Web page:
Gaza’s health ministry has announced the death of the youngest person yet to be killed during Great March of Return protests.
Ahmad Yasir Sabri Abid, 4 years and 8 months old, died on Tuesday from injuries sustained the previous Friday during protests in Khan Younis, southern Gaza.
A senior health ministry official told The Times of Israel that the boy “was hit by bullet shrapnel in the face, chest and stomach at a protest” as a result of Israeli fire.
Some 180 Palestinians have been shot dead and nearly 6,000 others injured by live fire during Great March of Return protests along Gaza’s eastern and northern perimeter since 30 March. Nearly three dozen of those killed were children.
Palestinian child fatalities due to Israeli fire have spiked in 2018, with more than 50 killed in the West Bank and Gaza Strip – one death per week on average.
Ahmad Abid’s is the first Great March of Return death in a month, as protest fatalities in Gaza decrease and deadly encounters between Israelis and Palestinians rise in the West Bank.
West Bank killings
Israeli forces shot and killed Omar Hassan al-Awawdeh, 27, in Idhna village near the West Bank city of Hebron on Tuesday.
Israel claimed that soldiers shot al-Awawdeh after he drove through a checkpoint without stopping and accelerated towards a Border Police combatant.
No Israeli forces were injured during the incident.
Israeli media reported that forces were in the village standing guard as the Civil Administration, part of the bureaucratic arm of the military occupation, “were taking part in an effort to crack down on the illegal burning of garbage.”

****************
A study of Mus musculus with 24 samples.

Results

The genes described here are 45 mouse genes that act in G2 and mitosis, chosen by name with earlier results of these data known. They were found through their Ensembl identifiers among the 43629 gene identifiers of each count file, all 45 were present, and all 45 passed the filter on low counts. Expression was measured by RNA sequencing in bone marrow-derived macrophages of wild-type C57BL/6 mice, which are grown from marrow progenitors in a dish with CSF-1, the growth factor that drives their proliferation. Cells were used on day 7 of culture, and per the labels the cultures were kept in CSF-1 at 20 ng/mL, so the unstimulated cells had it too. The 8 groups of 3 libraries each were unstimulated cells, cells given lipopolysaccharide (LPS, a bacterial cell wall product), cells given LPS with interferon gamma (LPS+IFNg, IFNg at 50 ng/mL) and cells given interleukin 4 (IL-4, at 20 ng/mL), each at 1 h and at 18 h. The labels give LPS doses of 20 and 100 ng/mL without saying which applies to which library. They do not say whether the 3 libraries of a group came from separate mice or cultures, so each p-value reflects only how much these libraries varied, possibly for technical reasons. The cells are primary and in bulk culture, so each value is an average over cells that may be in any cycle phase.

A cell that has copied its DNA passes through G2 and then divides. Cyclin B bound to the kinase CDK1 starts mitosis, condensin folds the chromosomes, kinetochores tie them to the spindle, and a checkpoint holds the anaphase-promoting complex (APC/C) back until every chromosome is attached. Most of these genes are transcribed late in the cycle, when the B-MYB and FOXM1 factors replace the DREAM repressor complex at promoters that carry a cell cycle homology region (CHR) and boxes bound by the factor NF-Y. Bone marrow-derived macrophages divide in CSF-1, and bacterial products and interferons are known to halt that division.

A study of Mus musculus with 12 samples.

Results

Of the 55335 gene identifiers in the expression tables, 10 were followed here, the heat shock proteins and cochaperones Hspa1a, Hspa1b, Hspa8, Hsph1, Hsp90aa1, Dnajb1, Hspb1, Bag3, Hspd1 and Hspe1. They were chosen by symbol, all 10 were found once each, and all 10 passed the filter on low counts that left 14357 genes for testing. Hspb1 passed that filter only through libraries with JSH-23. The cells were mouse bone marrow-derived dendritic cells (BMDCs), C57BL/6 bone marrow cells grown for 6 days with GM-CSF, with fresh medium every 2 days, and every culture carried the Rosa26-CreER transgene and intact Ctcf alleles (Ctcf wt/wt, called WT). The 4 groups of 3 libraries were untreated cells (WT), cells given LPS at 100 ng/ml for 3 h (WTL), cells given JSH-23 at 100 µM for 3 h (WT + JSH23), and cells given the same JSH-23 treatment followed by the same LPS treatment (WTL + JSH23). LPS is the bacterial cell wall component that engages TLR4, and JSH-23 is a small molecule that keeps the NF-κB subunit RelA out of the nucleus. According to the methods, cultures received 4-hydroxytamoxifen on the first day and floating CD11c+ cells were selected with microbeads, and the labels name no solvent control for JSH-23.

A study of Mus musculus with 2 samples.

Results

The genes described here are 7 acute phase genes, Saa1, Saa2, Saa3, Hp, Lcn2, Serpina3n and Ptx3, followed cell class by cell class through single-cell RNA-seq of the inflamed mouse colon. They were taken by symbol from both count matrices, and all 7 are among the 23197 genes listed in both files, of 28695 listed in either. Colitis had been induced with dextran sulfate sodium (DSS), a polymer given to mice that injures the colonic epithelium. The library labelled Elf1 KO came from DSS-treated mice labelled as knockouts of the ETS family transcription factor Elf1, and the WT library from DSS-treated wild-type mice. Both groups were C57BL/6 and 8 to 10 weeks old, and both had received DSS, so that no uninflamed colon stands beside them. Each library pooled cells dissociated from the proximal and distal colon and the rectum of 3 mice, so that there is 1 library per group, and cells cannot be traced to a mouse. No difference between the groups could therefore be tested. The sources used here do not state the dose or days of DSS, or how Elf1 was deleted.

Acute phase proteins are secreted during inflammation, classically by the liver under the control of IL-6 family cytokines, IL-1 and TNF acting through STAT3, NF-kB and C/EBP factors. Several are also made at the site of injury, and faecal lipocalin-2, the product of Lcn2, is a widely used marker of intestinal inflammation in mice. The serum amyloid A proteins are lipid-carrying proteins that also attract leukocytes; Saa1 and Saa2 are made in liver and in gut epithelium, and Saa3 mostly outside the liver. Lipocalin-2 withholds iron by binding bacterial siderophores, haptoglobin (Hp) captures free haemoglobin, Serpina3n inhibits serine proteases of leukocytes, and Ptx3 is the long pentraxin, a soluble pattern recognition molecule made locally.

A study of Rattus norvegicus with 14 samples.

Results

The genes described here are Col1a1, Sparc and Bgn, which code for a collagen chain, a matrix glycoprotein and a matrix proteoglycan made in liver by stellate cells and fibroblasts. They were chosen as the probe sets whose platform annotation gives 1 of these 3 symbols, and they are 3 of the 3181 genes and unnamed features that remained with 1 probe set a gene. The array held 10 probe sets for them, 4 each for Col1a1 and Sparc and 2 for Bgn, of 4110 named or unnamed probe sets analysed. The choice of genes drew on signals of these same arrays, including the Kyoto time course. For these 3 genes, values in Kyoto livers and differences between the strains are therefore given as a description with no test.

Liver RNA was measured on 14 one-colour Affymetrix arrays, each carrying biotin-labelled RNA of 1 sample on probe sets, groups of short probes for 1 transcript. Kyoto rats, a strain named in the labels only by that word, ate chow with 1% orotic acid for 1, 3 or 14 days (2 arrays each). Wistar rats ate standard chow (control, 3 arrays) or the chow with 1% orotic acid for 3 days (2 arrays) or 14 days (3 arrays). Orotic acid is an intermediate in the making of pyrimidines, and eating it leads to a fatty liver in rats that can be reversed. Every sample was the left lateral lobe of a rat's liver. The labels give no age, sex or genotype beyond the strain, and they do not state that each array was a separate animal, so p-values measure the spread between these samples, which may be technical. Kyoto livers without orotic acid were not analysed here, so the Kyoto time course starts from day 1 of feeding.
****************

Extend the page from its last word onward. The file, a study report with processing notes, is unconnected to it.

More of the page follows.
Al-Awawdeh is the second Palestinian killed by Israeli forces in the West Bank so far this month.
Israeli soldiers shot Muhammad Habali, a 22-year-old with cognitive and physical disabilities, in the head from behind at a distance of 80 meters during a raid on the city of Tulkarm on 4 December.
Video recordings and eyewitness testimony contradict Israel’s claims that Habali was killed during a “violent disturbance of the peace” by “dozens of Palestinians … throwing stones.”
The Israeli rights group B’Tselem obtained footage from multiple security cameras showing the “area was perfectly quiet and that there were no clashes there with soldiers” in the moments before Habali was shot:
“Quite the contrary” to Israel’s claims, according to B’Tselem, “the soldiers are seen walking unhurriedly, the Palestinians are seen talking amongst themselves, and then the soldiers fatally shoot Habali in the head from a considerable distance. The lethal shooting was not preceded by a warning, was not justified and constitutes a violation of the law.”
Another resident of Tulkarm was shot in the leg.
The soldiers did not provide either men with medical assistance, according to B’Tselem.
Israeli forces launched massive raids in Ramallah, the seat of the Palestinian Authority in the occupied West Bank, on Monday and Tuesday:
The raids were part of a wider operation in the central West Bank after a drive-by shooting at a bus stop near the settlement of Ofra on Sunday night. A 21-year-old Israeli woman in her seventh month of pregnancy was critically injured in the attack.
The shooting was recorded by nearby security cameras:
Six others were lightly to moderately injured, including the pregnant woman’s husband.
The seriously injured woman, identified as Shira Ish-Ran, was improving, The Times of Israel reported on Tuesday but “the condition of her infant son, who was delivered by emergency C-section late Sunday night after the attack, continued to deteriorate.”
Soldiers raided the offices of the Palestinian news agency WAFA in Ramallah on Monday, detaining employees and firing tear gas at photographers to prevent them from taking pictures. The soldiers also confiscated security camera footage.
Israeli forces also arrested Quds Radio correspondent and Quds News Network writer Sameh Manasra in Izbat al-Jarad village near Tulkarm on Monday.
“Israeli authorities must halt their attacks against Palestinian media and publicly disclose information about WAFA’s raid and journalist Sameh Manasra’s detention,” Sherif Mansour of the Committee to Protect Journalists stated.
“Those who threaten and scare journalists who are doing merely their job must be held accountable.”